Right to incapacity benefit under threat

Mental health sufferers, disabled people and the sick could lose
their right to incapacity benefit forcing them into work if
Government plans announced last week go ahead, charities have
warned, writes Amy Taylor.

The plans scrap a clause in existing law which states that if a
person fails the Personal Capability Assessment (PCA) – a test
designed to show if a person is incapable of work – they are still
seen as unable to work if it is thought “there would be a
substantial risk” to their mental or physical health if they did

Martin Inch, a rights officer at the Disability Alliance, called
the Government’s proposals “sneaky”. He said that some people, such
as those with mental health problems, could fail a PCA but still be
unable to work because a secondary factor, such as stress, triggers
their condition.

While the government anticipate that the number of people who
loose benefit as a result of the proposed change “will be small”,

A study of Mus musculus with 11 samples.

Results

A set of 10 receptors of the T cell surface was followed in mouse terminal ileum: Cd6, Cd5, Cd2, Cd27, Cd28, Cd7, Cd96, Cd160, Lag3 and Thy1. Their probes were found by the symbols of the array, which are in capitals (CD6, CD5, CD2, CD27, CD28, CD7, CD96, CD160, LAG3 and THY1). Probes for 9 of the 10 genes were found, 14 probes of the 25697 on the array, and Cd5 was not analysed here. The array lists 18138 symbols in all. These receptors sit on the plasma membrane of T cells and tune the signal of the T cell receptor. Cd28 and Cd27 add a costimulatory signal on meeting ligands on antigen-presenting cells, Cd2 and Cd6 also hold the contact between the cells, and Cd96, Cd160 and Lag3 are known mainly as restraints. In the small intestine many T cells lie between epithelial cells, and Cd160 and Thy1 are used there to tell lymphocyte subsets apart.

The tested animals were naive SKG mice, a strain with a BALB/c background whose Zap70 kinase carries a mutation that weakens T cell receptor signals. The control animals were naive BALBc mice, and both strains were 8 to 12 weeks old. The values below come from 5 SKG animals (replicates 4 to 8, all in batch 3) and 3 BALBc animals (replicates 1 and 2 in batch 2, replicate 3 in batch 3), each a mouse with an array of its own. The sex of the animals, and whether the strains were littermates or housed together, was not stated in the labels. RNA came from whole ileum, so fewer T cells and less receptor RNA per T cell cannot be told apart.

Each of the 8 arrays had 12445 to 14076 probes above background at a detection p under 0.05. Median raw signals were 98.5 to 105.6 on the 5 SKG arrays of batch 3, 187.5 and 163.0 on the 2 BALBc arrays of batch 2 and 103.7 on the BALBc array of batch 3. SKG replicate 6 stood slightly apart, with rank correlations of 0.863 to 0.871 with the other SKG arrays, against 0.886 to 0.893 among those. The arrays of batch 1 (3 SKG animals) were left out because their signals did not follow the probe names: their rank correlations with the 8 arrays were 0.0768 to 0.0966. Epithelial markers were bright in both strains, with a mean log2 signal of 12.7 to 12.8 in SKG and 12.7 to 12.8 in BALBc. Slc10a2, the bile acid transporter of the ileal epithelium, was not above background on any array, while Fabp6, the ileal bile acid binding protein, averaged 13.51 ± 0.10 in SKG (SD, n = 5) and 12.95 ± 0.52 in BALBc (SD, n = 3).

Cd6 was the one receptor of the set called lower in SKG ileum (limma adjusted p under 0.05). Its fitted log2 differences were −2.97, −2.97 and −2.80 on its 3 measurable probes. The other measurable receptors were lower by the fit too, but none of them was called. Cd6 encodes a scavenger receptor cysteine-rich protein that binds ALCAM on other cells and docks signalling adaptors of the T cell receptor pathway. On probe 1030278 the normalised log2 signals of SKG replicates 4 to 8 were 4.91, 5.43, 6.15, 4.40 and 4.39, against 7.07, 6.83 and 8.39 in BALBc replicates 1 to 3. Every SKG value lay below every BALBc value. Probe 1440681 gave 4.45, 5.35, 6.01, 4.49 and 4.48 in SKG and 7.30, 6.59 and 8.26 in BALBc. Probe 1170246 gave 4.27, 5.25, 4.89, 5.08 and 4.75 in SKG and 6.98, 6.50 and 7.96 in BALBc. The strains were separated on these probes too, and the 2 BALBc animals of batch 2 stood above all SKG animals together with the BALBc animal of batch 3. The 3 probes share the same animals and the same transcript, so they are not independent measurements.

Alison Cobb, policy officer for mental health charity Mind, said
that this is not an argument for its removal.

“If it is a small number then that is equally a reason for
maintaining the protection,” she said.

She added that the clause is currently required to protect
people because of a lack of confidence in the PCA. Mind believes
doctors require more training and there needs to be greater
involvement of mental health service users.

“If after the PCA there are still going to be people whose
health will be damaged by them being seen as capable for work there
needs to be a safety net to identify them,” she said.

It is the second time the government has attempted to do away
with the clause. It was initially removed from legislation in 1997,
a move ruled unlawful last November after a person who had
previously been entitled to incapacity benefit took the government
to court.

Meanwhile, a draft of Europe’s first comprehensive disability
rights law was launched by Richard Howitt MEP, President of the
European Parliament’s Disability Rights Group of MEPs, last week.
The new law would extend Britain’s existing Disability
Discrimination Act to make discrimination illegal in social
security and in the design of manufactured goods.

The PCA is open to consultation until 7 April.